Overview: The new Robin comes to Batman’s aid, a reformed villain asks for help and the mysterious mastermind is revealed.
Synopsis (spoilers ahead): A distressed Jack Ryder bursts into his workplace demanding to see Adalyn. She’s not at work and Jack leaves despite the news station needing him on air. Down on the street, the riot continues. Batman is trying desperately to escape without harming anyone. He’s being attacked by Jokerz, civilians, police and Barbara Gordon herself.
Back at the Batcave, Matt and Bruce watch helplessly as Batman soldiers on. Bruce reveals that he has made a new suit for Matt that gives him defensive and offensive capabilities equal to the Batsuit. Matt suits up and gets to take the Batmobile to go save Terry.
Jack is at Adalyn’s apartment looking for her. He uses a voice scrambler to get in and ask her home AI questions about what happened to her last night. He discovers a room full of papers with the words “The Bat” scribbled on all of them. He says that there is only one man who knows how to explain this and that is Wayne.
Batman continues to struggle against the mob when a mysterious figure in the shadows appears and convinces a child to use a cannon to shoot at Batman. Batman manages to evade the shots and make sure no one is hit. Before the girl can shoot again, Robin uses a grappling hook to take the gun from her. Batman is happy that Robin is there and instructs him to adopt a defensive posture only. Meanwhile, the figure in the shadows continues to go unnoticed and says that elevating the levels of fear will turn the mob loose.
In the Batcave, Bruce wheels around suddenly in his chair and throws a Batarang at an intruder. It turns out Jack knows Bruce was Batman and has come to ask for his help with Adalyn. Bruce goes back through his case files to find any connection to her and finds an incident where he encountered her father. He pulls up the belt cam footage and it reveals that he once crippled Adalyn’s father in front of her when she was just a young girl.
Back on the streets of Gotham, Batman and Robin fight desperately to push back wave after wave of people. The figure in the shadows is revealed to be the Scarecrow.
Analysis: This is going to be a relatively short analysis because there really isn’t a lot that happens in this issue. While not much happens, the parts of the story involving Batman seem really drawn out. He has been trying to escape from this mob since the middle of the last issue and he still hasn’t managed it by the end of this one. I get that he is trying not to hurt anyone, but it’s really absurd how long this is taking. Somehow while Batman is trying to battle this mob of people, Jack is doing a number of time-consuming things. That’s really my main criticism of this story. These events are portrayed as happening concurrently, but there is almost no feasible way for the timelines to match up. Batman must have been fighting for hours if Jack had time to drive to work, drive to Adalyn’s apartment, search Adalyn’s apartment, and finally drive to Wayne Manor and wait for Bruce to search through his case files to unearth a connection. I’m also not sure why Jack has lost track of Adalyn because she had just come to hitch a ride to work with him in the past issue. They were standing outside his apartment about to go to work together because Adalyn wanted to talk. I’m not sure how or why she has suddenly gone missing from that point. Also, what happened to Melanie?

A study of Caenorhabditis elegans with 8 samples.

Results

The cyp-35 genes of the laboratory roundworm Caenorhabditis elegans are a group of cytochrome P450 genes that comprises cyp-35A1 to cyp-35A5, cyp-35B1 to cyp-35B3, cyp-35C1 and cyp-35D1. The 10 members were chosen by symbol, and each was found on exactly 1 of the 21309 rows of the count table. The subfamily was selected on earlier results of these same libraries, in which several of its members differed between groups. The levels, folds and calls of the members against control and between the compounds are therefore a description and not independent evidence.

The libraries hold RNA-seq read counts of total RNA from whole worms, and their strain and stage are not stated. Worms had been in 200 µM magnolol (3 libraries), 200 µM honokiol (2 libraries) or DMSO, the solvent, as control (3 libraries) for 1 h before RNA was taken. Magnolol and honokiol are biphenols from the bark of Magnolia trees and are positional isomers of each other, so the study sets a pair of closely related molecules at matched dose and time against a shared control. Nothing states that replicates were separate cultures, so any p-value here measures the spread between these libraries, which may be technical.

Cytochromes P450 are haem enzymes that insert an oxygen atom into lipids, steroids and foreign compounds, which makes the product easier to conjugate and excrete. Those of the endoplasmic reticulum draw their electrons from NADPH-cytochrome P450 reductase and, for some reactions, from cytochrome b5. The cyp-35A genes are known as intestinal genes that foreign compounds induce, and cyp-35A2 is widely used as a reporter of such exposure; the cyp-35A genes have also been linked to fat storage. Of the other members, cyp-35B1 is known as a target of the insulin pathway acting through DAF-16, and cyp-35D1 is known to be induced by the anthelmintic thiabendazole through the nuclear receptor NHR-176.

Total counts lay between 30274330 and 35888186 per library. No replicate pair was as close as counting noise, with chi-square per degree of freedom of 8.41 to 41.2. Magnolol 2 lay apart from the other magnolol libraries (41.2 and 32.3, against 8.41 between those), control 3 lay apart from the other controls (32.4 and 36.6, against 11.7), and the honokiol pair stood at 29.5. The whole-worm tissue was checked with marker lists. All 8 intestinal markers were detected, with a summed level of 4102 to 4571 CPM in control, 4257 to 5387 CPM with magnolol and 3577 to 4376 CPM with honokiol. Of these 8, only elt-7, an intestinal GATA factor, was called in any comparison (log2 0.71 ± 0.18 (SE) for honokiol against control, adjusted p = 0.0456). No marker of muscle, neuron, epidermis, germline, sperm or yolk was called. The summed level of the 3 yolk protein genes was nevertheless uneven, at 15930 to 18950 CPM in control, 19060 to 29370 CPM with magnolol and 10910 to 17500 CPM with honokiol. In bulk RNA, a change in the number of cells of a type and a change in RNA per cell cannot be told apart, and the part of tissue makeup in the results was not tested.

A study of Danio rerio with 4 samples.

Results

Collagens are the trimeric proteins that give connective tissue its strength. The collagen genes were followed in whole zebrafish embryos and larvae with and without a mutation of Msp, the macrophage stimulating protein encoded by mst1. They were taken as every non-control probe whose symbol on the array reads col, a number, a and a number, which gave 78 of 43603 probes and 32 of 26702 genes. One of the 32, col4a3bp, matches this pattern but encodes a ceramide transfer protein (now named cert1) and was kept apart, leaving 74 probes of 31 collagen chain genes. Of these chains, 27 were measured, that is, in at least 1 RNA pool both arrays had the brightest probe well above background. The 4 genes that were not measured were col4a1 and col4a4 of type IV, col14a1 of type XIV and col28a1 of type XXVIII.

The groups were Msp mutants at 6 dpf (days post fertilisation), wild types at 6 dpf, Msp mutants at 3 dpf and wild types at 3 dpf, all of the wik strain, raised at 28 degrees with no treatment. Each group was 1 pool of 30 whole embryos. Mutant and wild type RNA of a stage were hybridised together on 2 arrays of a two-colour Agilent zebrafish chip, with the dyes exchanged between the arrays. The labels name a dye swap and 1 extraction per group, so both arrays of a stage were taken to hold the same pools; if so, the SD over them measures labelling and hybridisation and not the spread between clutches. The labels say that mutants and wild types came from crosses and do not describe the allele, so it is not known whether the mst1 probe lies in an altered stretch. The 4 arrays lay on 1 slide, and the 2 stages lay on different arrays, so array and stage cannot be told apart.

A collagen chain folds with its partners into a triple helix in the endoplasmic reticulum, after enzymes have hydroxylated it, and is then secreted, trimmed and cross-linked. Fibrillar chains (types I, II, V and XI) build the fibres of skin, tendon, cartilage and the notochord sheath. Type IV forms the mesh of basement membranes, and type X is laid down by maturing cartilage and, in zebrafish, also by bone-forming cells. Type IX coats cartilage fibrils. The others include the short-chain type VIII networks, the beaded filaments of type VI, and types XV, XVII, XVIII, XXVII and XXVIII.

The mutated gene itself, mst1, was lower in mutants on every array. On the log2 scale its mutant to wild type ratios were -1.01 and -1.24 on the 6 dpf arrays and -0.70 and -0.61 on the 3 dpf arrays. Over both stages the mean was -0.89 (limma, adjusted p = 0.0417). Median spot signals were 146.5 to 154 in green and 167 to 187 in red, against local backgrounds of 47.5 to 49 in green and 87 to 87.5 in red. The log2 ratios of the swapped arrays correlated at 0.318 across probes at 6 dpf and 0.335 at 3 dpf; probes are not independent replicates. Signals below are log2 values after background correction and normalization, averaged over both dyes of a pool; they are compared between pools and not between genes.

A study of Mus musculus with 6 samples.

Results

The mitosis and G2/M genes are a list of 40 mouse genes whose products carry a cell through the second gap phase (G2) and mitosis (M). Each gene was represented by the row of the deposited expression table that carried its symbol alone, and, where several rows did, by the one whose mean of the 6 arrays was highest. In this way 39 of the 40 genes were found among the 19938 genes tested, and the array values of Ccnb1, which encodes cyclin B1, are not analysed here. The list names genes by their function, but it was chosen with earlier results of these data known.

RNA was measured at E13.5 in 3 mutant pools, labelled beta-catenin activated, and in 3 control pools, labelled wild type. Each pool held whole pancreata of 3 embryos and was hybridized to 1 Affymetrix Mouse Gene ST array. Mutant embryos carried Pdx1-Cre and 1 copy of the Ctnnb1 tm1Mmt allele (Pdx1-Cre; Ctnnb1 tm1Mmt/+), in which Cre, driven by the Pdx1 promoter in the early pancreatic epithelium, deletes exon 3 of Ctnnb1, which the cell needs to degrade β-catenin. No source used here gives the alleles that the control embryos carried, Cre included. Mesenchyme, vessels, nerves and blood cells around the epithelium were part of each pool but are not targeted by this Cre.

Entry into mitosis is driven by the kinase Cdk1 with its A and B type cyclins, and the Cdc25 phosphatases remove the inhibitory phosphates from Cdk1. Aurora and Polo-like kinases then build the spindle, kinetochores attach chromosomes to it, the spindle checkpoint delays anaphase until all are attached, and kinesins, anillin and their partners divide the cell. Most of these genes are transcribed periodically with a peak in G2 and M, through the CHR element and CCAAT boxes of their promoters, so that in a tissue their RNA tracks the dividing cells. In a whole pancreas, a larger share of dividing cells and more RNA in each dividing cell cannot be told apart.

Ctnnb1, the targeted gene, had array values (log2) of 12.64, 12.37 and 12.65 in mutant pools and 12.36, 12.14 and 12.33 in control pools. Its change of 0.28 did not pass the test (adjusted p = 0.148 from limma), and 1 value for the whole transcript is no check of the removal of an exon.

The big moments in this issue are the reveal of the Scarecrow and the fact that Jack Ryder knows the original Batman is Bruce Wayne. While I’m not averse to Jack knowing Bruce’s alter ego after he has reformed and Bruce has retired, I do have a problem with Jack being able to waltz right into the Batcave after years of not speaking to Bruce. It appears that Wayne Manor and the Batcave security need an overhaul. There is an interesting element here where Bruce is forced to confront the impact that his war on crime has had on people who were not directly in his crosshairs. In this case, a young Adalyn watched as her father was crippled by Batman. Yes, her father was a gang member who was trafficking weapons, but seeing her father get beaten like that has to have a residual effect on a child. The impact of this moment isn’t explored further in this issue, but it potentially will be in the next one.
The cover teases an “all new Scarecrow” which implies that this isn’t Johnathan Crane dusting off his old costume. Conventional wisdom at this point would suggest that Adalyn is being built up to be revealed as the new Scarecrow, but I’m hopeful for a twist. Given how often comic book covers misdirect readers regarding the contents inside, I don’t think it’s beyond the realm of possibility that we see something different happen.
Just like the last issue, the art here is quite good. Robin’s costume design is done really well and doesn’t clash aesthetically with the Batman Beyond suit. I think the green parts on the arms and legs could be a little bigger to break up the black, but otherwise, it’s perfect. The Scarecrow design is similar to the one most readers are familiar with but a key difference is the straw behind the mask to resemble long hair. Some readers will also enjoy Conrad’s rendering of the original Batman in his classic suit. Baron uses the blue and grey color scheme to give it even more of a classic feel.
Final Thoughts: An unevenly paced issue with continuity errors that continues to build the suspense for the conclusion.